My favorite pen is the BIC Round Stic. I know a lot of people appreciate a smooth-flowing pen that glides with no friction across a page. Me, I like a little friction and the Round Stic provides. Black ink, please, not blue. Red is okay if I’m editing.
My supply of black BIC Round Stics was getting low at home, so I bought a box.
When I got it home, I noticed the following … promotion … on the side of the box. Hmm, maybe “cause” is a more accurate word.
With its “Fight for Your Write” promotion/cause, BIC is attempting to save handwriting.
The Gen X cynic in me (or is that the middle-age cynic in me?) thinks, well, of course BIC wants to save handwriting. If handwriting goes away, they won’t be able to sell their product.
But, there is more to this than self-preservation or self-interest for BIC.
From a historian’s perspective, the fact that fewer schools are teaching handwriting, particularly cursive handwriting, is tragic. If children don’t learn how to write cursive, it’s going to be much more difficult for them to read cursive. For those of us who can read and write cursive, we struggle with deciphering old documents written in previous forms of cursive as it is. These documents and those with more current cursive will be unintelligible to today’s non-cursive writers.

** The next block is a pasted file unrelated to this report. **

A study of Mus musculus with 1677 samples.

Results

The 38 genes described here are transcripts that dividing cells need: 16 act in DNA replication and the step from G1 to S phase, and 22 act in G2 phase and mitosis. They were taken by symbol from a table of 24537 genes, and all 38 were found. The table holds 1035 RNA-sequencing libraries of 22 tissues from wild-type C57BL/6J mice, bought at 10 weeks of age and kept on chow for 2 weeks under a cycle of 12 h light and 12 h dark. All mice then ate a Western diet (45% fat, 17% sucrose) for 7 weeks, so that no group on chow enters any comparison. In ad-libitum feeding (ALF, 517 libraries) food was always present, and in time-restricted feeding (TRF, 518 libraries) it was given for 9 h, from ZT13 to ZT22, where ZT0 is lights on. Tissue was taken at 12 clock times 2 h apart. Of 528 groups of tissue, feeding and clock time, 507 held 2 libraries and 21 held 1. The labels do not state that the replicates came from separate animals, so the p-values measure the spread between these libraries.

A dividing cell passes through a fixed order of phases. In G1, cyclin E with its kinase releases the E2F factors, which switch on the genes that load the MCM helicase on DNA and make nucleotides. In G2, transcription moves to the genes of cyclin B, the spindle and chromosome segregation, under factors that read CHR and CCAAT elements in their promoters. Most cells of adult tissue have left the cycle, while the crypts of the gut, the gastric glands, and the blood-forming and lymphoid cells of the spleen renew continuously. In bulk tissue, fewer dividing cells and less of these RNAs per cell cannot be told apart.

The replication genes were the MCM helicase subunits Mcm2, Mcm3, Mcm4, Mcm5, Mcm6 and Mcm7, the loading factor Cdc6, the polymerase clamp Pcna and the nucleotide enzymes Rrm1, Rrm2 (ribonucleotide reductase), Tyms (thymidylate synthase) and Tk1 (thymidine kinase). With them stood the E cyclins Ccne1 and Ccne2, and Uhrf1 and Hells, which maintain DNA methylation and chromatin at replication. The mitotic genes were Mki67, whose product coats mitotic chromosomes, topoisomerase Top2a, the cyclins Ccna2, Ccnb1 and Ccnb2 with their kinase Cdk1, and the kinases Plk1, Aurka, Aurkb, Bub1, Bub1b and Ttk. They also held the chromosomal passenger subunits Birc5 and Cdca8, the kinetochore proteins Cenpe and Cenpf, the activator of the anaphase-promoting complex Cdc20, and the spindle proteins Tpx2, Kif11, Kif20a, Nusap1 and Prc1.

Once writing becomes unintelligible, history is in danger of being lost. How many of us can read cuneiform?
BIC’s “Fight for Your Write” is on the right track. The website for this promotional cause contains resources for writing (including some for teachers), statistics on its importance, and a list of the abilities handwriting engages. It’s a compact and encouraging campaign. BIC quotes a Hanover Research study that states that practicing handwriting 15 minutes a day “can help cognitive development, motor skills, writing skills, and comprehension.”
That’s not a lot of time for an impressive return, with another major benefit being the ability to read historic handwritten documents. That ability in terms of saving culture is priceless.